A unique data set provides fresh insights for the growing institutional investor market
More than one third of households that rent live in a single-family home rather than an apartment building. While still dominated by mom-and-pop landlords, single-family rentals — valued at an estimated $2.3 trillion — are increasingly getting the attention of the institutional investor class.
Invitation Homes (INVH), the public face of Blackstone private equity’s play in single-family rentals, has a current market capitalization near $12 billion. In the past year, Fannie Mae and Freddie Mac have begun to dip their toes into guaranteeing single-family rental bonds.
With homeownership rates dropping amid an affordability squeeze and stricter mortgage qualifying standards, the rental market is expected to play an increasingly larger role in American’s housing picture (approximately 35 percent of households now rent). Yet there is a dearth of comprehensive return analysis of single-family rentals for investors to turn to. A quirk of existing research has been to focus either on the net yield or the price-appreciation potential, each to the exclusion of the other. (Net yield is calculated by subtracting expenses from gross rental income and dividing that by the purchase price of the property.)
“Each component contributes approximately equally to the aggregate U.S. portfolio of housing returns, so excluding one component excludes half of total returns on average,” write Andrew Demers, a real estate specialist at Structured Portfolio Management, and UCLA Anderson’s Andrea Eisfeldt, in a working paper.
Demers and Eisfeldt provide a total-picture analysis by studying net yield and price appreciation of single-family rental homes, in tandem, in the 30 largest metro areas between 1986 and 2014.
The average 4.5 percent net yield may seem like a bond-like meh; but add in the 4.3 percent average return from price appreciation and the near 9 percent average total return for single-family homes gives the 10 percent plus long-term annualized return of the S&P 500 a run for its money.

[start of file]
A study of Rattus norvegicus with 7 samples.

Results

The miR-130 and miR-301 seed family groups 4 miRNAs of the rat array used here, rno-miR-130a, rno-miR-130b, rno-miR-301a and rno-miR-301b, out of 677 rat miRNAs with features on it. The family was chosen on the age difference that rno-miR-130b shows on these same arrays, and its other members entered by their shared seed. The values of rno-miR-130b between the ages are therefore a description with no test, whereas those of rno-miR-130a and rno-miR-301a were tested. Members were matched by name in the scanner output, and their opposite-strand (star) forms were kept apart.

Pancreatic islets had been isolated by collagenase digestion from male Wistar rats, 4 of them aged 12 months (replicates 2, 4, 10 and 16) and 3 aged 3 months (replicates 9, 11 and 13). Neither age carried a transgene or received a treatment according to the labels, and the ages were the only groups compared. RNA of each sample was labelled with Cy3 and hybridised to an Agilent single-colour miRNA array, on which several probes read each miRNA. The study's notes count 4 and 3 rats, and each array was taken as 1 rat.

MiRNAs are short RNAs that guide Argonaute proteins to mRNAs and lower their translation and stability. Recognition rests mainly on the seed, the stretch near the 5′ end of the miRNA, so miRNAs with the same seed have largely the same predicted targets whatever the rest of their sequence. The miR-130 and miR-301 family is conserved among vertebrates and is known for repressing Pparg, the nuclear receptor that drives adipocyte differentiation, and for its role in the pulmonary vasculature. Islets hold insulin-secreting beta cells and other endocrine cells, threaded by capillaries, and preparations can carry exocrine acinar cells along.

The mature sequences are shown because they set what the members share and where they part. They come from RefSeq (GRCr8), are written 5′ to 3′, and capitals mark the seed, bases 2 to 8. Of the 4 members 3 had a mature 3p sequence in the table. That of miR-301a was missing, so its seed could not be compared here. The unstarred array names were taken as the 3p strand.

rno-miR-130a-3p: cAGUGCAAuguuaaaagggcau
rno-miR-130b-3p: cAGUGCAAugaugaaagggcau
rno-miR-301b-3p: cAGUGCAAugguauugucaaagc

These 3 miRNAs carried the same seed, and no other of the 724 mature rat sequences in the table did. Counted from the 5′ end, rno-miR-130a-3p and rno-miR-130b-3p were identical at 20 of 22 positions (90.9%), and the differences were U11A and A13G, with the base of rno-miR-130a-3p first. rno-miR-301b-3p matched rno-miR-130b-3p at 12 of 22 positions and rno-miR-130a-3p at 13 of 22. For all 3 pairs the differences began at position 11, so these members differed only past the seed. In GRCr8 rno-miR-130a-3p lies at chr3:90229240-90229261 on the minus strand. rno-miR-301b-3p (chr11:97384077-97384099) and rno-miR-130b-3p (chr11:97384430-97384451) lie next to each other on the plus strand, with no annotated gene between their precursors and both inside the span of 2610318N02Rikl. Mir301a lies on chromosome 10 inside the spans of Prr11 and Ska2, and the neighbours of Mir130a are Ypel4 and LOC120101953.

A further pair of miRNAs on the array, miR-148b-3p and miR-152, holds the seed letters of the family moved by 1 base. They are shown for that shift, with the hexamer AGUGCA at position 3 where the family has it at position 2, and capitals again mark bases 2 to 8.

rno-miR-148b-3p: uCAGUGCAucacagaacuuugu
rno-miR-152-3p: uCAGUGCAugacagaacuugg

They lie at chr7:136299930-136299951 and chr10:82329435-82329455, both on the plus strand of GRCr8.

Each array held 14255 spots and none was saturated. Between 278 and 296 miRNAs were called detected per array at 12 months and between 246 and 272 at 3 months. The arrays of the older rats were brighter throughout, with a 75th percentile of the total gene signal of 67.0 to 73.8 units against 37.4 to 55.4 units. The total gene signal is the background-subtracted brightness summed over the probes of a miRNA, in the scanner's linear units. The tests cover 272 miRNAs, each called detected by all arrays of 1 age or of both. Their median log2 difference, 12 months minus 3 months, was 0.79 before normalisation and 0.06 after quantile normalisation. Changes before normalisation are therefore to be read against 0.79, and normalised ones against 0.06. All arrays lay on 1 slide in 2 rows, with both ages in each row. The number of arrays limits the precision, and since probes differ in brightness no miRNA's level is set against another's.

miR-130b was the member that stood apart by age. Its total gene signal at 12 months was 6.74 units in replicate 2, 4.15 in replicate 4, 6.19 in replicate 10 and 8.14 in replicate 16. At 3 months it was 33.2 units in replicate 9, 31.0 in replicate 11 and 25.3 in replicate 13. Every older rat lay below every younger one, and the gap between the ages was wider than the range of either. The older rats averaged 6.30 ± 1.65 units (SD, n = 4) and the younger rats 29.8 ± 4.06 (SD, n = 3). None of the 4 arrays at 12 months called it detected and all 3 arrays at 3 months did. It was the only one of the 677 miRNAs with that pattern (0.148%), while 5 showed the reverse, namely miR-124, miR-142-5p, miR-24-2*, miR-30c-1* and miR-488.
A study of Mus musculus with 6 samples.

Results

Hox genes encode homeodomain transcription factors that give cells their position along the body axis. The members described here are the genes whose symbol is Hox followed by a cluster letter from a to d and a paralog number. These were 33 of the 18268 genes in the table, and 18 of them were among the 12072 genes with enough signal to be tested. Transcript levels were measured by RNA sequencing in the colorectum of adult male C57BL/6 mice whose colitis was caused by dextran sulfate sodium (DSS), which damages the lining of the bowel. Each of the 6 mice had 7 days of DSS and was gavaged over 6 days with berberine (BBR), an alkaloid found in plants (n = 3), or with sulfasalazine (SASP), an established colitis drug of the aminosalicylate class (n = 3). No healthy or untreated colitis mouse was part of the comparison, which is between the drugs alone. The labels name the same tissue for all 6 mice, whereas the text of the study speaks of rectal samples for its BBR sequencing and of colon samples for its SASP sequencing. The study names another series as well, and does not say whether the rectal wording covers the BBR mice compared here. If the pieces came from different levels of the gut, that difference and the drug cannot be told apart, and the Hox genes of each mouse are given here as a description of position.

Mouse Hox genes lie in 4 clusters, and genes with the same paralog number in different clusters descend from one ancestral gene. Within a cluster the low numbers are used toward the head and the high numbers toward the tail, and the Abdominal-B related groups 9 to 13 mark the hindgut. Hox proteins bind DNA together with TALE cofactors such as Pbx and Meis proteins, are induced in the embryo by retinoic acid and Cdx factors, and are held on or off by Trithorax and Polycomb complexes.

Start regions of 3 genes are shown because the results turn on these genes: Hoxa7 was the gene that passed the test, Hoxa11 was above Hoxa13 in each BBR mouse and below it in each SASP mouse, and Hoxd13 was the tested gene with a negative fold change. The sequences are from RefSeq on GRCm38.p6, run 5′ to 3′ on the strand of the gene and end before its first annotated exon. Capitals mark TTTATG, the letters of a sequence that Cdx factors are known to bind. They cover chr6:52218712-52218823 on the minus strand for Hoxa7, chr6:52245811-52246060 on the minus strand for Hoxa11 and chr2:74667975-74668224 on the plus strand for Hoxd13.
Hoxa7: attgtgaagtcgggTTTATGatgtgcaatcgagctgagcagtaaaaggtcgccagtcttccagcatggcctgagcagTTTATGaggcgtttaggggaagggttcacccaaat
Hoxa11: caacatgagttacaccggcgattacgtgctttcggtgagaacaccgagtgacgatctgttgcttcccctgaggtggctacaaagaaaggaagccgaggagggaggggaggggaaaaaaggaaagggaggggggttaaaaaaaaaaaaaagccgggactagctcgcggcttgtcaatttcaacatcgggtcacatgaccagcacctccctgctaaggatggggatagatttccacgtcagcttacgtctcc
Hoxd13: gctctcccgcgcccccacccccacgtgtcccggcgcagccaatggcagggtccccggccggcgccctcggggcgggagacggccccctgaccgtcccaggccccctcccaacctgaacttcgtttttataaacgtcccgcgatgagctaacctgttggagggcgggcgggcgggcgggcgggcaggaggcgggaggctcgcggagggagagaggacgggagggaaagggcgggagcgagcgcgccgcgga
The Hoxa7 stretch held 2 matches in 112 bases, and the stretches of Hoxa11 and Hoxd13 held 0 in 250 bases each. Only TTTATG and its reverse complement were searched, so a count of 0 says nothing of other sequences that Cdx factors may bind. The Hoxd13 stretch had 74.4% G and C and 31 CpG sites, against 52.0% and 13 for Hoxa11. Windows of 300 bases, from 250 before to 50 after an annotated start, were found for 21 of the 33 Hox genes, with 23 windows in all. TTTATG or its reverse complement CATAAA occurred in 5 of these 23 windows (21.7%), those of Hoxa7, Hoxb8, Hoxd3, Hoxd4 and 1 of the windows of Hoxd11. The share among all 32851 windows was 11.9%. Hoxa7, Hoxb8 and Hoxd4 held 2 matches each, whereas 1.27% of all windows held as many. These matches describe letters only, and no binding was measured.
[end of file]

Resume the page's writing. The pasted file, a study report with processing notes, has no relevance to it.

The nearly three decades of data suggest that the investment opportunity in single-family rentals is not a one-time event tied to the foreclosure boom (investors scooped up homes on the cheap) during the housing crisis that began in 2008. The crisis was, of course, a one-time buying opportunity in terms of low home prices and, owing to widespread foreclosures, a chance to sidestep the hefty roughly 5 percent real estate agent transaction fee, Eisfeldt said in a conversation about the paper. (Can you imagine Wall Street investment funds paying a 5 percent fee to buy a bond?)
The authors discovered a wide divergence in the underlying components of total return for single-family homes. Net yields are the major driver of total return in cities where home prices are lower, and price appreciation is the bigger factor in markets where home prices are higher. Overall, the cheaper homes delivering higher net yields had the best average total returns.
Among the lowest-priced quintile of homes in their study, the average 9.36 percent total return is the sum of a 6.1 percent net yield and 3.24 percentage points in price appreciation. In the highest-priced quintile of homes, the 8.3 percent total return is the sum of 2.92 percent of yield and 5.34 percentage points of price appreciation.
If you are an investor most interested in current income, you might want to focus on a market with high net yields. For instance, Houston’s annualized 10.2 percent total return is derived from a 7 percent net yield and barely 3 percentage points of price appreciation.
If you’re a Blackstone type looking to optimize your eventual cash-out price, you might be more interested in markets where price appreciation is the main driver. San Francisco’s 9.1 percent total return was mostly the result of an annualized average 6.8 percent price rise.
And if you’re a public policymaker, understanding the total return big picture can provide more confidence in backing projects.
The authors also provide push-back on the notion that in-demand coastal areas are the best investments. While those markets indeed have the highest prices, the higher net yields in flyover cities helped generate better total returns.
Pittsburgh and Houston each had average 10.2% total returns, with more than two thirds of it coming from net yield. Kansas City and Minneapolis had total returns above the national average. Boston and New York’s total returns were below the 30-city average.
Moreover, Demers and Eisfeldt find that net rental yields tend to be less volatile than price appreciation, thus less expensive markets that derive more of their total return from net yields provide a smoother ride for investors.